Rebels attacked a United Nations peacekeeping base in eastern Congo, killing at least 14 peacekeepers and wounding 53 others in the worst single attack against a U.N. mission in recent history, officials said Friday.
Deputy spokesman Farhan Haq in New York said the peacekeepers were mainly from Tanzania, and that at least five Congolese soldiers also were killed in the assault blamed on a rebel group based in neighboring Uganda.
"It's a very huge attack, certainly the worst in recent memory," Haq said.
The peacekeeping base is located about 45 kilometers (27 miles) from the town of Beni, which has been repeatedly hit by rebels from the Allied Democratic Forces rebel group.
The base is home to the peacekeeping mission's rapid intervention force, which has a rare mandate to go on the offensive, according to Radio Okapi, which is backed by the U.N. mission.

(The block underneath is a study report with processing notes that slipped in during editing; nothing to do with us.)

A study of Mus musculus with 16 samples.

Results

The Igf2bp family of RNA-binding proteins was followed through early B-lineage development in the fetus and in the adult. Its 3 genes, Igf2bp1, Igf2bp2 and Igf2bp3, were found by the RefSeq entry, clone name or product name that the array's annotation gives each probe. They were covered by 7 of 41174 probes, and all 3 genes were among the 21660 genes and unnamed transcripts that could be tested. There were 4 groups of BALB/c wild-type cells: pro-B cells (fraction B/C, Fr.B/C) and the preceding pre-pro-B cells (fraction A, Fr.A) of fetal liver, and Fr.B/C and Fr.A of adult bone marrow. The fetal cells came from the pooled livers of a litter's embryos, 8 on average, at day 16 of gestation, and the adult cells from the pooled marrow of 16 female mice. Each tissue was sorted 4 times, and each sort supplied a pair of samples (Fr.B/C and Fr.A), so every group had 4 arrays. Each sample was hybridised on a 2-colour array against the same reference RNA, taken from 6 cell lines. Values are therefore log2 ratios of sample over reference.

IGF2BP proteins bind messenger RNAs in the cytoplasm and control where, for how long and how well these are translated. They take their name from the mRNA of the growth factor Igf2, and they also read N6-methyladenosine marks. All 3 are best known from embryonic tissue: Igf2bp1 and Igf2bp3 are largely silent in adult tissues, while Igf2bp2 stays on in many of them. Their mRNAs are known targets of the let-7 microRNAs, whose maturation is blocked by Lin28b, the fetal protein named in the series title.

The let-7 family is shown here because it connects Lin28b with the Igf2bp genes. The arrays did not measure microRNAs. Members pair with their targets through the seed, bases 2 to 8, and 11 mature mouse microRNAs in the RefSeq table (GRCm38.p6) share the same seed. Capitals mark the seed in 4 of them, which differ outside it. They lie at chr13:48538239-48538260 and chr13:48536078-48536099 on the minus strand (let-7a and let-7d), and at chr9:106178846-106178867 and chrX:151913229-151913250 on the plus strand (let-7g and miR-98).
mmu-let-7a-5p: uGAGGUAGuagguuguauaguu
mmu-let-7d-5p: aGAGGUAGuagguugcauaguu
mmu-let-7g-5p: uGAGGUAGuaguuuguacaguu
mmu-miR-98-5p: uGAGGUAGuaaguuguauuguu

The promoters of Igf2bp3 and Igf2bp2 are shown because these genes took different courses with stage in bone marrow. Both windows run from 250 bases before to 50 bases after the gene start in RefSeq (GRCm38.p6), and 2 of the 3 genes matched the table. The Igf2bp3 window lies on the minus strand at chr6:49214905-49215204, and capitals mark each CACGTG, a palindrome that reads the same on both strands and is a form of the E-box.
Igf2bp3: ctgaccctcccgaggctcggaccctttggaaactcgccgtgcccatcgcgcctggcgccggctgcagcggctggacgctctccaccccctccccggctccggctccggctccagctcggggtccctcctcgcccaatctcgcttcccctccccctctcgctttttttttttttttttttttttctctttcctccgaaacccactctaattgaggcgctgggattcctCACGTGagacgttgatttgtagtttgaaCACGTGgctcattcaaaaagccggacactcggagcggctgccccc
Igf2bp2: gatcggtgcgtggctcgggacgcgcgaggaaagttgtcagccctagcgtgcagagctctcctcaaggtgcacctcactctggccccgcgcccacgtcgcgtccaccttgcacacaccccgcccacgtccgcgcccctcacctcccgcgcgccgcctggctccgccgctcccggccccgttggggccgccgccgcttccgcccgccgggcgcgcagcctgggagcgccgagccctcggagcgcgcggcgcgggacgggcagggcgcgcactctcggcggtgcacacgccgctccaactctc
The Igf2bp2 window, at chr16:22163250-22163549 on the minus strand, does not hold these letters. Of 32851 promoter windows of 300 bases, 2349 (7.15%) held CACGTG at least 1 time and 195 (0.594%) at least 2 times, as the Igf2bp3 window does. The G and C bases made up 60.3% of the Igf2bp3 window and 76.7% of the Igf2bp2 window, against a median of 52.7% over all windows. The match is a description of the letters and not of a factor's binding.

The radio station, citing military sources, said fighting lasted four hours.
Congo, a country the size of Western Europe, has seen immeasurable cruelty and greed as a result of its vast mineral resources. The nation suffered through one of the most brutal colonial reigns ever known before undergoing decades of corrupt dictatorship. Back-to-back civil wars later drew in a number of neighboring countries.
The conflicts have been numerous since the U.N. mission's arrival in 1999. Many rebel groups have come and gone, at times invading the regional capital, Goma. One of the greatest threats in the region now comes from the ADF. Human rights groups say its fighters have killed about 1,000 people in the past three years.
The U.N. mission in 2006 helped carry out Congo's first free and fair elections in 46 years, but since then the winner of that vote, President Joseph Kabila, has become further entrenched in his post. Anger has grown as presidential elections originally set for late last year have been repeatedly delayed.